Classroom Management Strategies for Special Education

Instructor: Lori Sturdivant

Lori has a specialist's degree in Instructional Leadership/Mild Moderate and currently serves as the Lead Teacher for The University of Southern Mississippi's Autism Project.

Are you looking for fun and practical ways to manage behaviors in your classroom with special needs students? This lesson will provide you with easy-to-implement activities that you can begin using today!

What is Classroom Management?

Johnny gets up out of his seat without permission, Susey yells out answers, Jimmy lays his head down during activities, Janie throws paper at Sally, and Lanie won't stay out of the art supplies; and this is all before the tardy bell has rung to start the day... If your classroom is anything like this, you need classroom management strategies.

Classroom management is the procedures and processes you create and implement in your classroom to increase appropriate behaviors and decrease undesirable behaviors. An effective classroom management strategy will increase academic engagement, because students are focused and on task. Classroom management also refers to the way you arrange your class.

Consider Classroom Arrangement

Do you have students with visual or hearing impairments? Maybe Jimmy, for example, lays his head down because he can't hear or see you well. Do you have students who use wheelchairs? Maybe Janie is trying to throw her paper away and not at Sally, but she can not properly maneuver her wheelchair to the trash can. Did you leave room for a wheel chair to pass through the rows of desks? These are just some of the things to consider in a special education classroom. You must think about every aspect of the lesson, routines, and procedures, as well as the physical layout of the room, to maintain discipline in the classroom.

The classroom designed for students with special needs is not a typical classroom. When students with special needs are in your class, you must take extra care to plan, because their ability to process information may be very different from their typical peers. Lessons in this classroom are designed to meet learners at their cognitive and instructional levels rather than their grade level. This classroom often uses a lot of hands-on activities and a lot of movement within the classroom. Student safety is a huge concern, but an effective classroom management plan will keep students safe as well as engaged.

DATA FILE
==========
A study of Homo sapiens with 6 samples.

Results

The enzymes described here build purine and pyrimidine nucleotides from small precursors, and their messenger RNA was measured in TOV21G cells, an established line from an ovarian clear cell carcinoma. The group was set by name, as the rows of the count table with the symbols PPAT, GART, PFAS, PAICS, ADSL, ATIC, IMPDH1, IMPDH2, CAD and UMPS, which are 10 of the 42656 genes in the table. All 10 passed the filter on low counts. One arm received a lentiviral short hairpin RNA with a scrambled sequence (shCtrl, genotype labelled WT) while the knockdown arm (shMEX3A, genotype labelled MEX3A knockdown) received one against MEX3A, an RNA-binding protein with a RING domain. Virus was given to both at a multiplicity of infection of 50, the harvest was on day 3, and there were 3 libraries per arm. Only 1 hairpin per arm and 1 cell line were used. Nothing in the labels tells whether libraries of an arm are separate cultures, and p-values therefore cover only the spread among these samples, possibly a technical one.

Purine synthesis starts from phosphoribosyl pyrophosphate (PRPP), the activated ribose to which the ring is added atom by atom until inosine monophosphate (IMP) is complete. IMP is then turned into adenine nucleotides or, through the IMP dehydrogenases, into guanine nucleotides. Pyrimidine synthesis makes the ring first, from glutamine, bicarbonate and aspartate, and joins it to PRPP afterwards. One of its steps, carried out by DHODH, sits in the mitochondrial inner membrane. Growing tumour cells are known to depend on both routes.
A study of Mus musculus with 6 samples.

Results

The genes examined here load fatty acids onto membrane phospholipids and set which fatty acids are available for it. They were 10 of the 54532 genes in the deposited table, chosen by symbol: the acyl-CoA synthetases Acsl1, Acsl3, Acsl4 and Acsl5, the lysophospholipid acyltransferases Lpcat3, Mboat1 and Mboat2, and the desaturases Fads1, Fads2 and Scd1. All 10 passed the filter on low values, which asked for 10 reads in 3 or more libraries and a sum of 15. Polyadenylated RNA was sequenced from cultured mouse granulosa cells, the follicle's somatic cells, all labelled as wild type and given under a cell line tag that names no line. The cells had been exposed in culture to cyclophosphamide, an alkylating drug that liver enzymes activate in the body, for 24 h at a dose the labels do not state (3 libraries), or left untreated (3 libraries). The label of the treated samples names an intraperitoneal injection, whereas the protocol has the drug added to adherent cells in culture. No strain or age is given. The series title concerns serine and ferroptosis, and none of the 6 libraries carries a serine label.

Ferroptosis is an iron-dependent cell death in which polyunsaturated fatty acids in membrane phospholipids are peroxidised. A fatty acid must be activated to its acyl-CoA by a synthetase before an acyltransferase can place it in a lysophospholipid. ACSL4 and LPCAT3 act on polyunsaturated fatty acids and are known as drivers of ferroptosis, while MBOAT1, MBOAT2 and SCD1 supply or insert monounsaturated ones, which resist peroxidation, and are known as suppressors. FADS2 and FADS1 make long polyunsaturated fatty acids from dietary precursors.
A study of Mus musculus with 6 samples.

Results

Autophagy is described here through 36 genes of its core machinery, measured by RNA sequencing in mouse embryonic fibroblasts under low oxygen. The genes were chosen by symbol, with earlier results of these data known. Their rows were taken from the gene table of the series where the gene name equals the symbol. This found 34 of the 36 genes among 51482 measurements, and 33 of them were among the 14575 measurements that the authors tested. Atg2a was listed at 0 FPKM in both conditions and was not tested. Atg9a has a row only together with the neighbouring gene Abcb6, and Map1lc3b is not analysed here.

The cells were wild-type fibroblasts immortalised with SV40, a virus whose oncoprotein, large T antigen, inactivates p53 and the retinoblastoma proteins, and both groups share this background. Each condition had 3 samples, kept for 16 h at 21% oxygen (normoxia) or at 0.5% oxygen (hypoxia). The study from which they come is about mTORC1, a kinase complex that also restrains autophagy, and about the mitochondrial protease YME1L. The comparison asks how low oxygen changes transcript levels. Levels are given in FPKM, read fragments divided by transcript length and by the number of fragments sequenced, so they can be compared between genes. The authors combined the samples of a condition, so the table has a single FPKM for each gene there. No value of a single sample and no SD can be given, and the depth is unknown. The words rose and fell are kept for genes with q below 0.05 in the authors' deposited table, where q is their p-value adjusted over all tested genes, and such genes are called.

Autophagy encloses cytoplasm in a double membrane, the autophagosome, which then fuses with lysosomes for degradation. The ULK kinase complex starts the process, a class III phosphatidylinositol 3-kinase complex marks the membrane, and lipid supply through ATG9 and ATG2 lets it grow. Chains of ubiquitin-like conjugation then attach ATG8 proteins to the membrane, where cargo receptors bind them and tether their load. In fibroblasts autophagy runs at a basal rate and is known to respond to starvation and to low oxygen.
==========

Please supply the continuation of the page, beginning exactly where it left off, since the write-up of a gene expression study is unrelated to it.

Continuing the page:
Develop a Classroom Management Plan

To create an effective classroom management plan for students with special needs, you must have clearly defined rules and procedures. Have a procedure for every little thing! You should have a process for lining up, getting out and putting away supplies, throwing away items, asking for help, going to the water fountain, etc. Procedures will help students know the classroom expectations, and the more that students know what is expected of them, the less likely they are to deviate from the set procedures you have established together.

When possible, let your students help you come up with the classroom rules and procedures. This will give the students some control and accountability over their behaviors.

Use Positive Reinforcement

A positive behavior system (PBS) is a systemic approach that rewards students for behaving appropriately and following the rules and procedures. You can encourage students by using specific positive praise. Specific positive praise means verbally praising the student for the exact behavior they demonstrated. It is not enough to say, ''Good job Jimmy.'' This is especially important for students with special needs who often need explicit instructions. A token economy system can also encourage positive behavior. When you incorporate a token economy system, students will earn a token (or fake dollar, gold star, etc.) for following the classroom rules and procedures.

Say, for example, that Janie is following the rules today. You might say the following to her:

  • ''Janie, I really liked how you waited until I called your row before you gathered your art supplies.'' (Give Janie a token.)
  • ''Thank you, Janie, for raising your hand to ask me a question.'' (Give Janie a token.)

At the end of a certain time frame determined beforehand, students can use these tokens to purchase items. Depending on the instructional and cognitive level of your students, you could arrange shopping sessions daily, twice a week, once a week, etc. It will depend on how long your students can hold out for delayed gratification. If you make them wait too long, the tokens will lose their meaning.

The items students shop for can be tangible, like small toys, fun school supplies, or approved snacks. The items can also be intangible, such as extra recess time or a homework pass.